A few reflections after two nights (4/15ths) of The War, a film by Ken Burns:

So far so good. Perhaps it is not the Civil War--but, then again, it is not 1990, Ken Burns no longer has the advantage of surprise, and this war is full of moving images, which makes the narrative much harder to control.

Having said that, I am enthralled--waiting breathlessly to see how it all ends. Well done.

An obvious comparison between then and now is the role of public sacrifice during the time of war. If we did not know already, we see clearly how the WWII generation practiced self-denial and sacrifice on the home front as well as the battlefield. A critique of the Bush administration centering on this divergence has become so ubiquitous in recent days as to seem cliché.

For that reason, I have refrained from making the following observation in print, on the blog, or on other electronic media (until now). Long before I knew what a blog was, the Okie Gardener and I would converse over lunch in a mom and pop Mexican restaurant in Waco during the weeks following 9-11, agreeing that the President must address the nation and ask for sacrifice. Thinking as students of the American past, the reasons were obvious: to win we needed investment of body, soul and mind. Today, among the President's many errors in prosecuting this war, none looms larger than his incapacity to connect the citizenry to the military and the mission in a meaningful way.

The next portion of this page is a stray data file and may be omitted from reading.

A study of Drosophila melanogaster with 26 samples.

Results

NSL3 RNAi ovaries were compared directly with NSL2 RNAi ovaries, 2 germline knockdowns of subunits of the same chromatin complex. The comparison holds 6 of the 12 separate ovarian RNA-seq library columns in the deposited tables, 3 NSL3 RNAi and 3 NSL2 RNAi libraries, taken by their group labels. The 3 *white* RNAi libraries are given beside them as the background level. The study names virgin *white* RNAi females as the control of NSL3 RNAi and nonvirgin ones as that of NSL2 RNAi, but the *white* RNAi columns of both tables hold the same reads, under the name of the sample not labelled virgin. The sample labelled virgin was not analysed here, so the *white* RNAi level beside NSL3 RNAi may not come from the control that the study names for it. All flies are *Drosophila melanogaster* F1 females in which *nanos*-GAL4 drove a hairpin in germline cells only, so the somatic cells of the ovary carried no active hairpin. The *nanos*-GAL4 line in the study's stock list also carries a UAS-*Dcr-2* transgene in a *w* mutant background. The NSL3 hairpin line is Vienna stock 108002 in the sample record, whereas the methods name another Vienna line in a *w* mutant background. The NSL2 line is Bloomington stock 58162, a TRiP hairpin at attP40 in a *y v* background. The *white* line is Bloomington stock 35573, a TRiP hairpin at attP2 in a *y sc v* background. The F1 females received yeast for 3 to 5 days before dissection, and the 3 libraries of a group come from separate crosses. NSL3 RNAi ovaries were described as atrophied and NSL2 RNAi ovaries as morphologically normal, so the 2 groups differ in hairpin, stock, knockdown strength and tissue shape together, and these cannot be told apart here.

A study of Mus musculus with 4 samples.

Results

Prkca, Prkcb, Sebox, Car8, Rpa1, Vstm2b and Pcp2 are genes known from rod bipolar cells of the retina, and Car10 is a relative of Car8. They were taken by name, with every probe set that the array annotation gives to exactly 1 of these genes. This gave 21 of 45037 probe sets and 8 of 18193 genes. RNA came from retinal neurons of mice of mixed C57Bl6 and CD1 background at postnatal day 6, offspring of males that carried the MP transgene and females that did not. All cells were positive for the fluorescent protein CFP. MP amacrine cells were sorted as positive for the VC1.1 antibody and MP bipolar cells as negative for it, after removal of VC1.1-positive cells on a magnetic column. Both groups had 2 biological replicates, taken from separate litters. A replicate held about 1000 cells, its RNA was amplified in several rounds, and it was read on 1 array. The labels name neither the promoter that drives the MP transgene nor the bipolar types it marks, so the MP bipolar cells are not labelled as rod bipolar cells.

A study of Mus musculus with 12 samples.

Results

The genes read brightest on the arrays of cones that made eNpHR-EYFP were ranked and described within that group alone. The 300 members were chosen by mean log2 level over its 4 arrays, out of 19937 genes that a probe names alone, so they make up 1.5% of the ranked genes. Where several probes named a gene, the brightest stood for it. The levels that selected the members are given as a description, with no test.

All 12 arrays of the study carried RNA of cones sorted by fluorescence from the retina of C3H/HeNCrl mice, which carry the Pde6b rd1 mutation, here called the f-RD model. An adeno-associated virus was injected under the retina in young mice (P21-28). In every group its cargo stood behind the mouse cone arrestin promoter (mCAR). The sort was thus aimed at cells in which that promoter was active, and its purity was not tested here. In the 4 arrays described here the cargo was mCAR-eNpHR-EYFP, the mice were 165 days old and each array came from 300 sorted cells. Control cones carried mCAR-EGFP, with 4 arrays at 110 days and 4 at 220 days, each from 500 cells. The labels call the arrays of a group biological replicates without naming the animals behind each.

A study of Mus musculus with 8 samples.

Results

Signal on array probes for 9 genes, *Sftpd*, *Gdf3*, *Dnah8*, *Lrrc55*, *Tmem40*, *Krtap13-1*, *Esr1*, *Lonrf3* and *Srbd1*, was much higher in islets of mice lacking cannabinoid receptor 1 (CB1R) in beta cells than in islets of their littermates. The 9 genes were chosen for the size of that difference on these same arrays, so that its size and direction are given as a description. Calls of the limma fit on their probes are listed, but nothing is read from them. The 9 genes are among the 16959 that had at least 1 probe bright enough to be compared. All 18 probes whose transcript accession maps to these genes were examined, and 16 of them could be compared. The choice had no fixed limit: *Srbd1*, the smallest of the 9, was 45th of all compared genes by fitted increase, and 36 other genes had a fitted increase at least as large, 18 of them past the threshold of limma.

However, the exclamation of exasperation most often hurled against President Bush, "instead of sacrifice, President Bush asked us to go shopping," while understandable, is patently off the mark. Quite frankly, America did need to go shopping after the attack. Consumer spending drives the twenty-first century economy, and a robust economy really is the key to keeping this war afloat.

Watching the Burns documentary reminds us that the United States did not prevail in the Second World War because of the wisdom of our leaders, the bravery of our soldiers, the genius of our generals, or the sincerity of our people. Undoubtedly, all those things were true--but they were also true of Germans, Italians and the Japanese.

We persevered and emerged victorious in the long and destructive war because we out-industrialized the great industrial powers of the twentieth century. In the simplest terms, the American economy was key to the American triumph. Shopping was not the basis of our economy during that war--but it may be now.

We are one economic downturn away from crisis—and one crisis away from defeat. That is, a major recession would make further prosecution of the war in Iraq, already unpopular, completely untenable.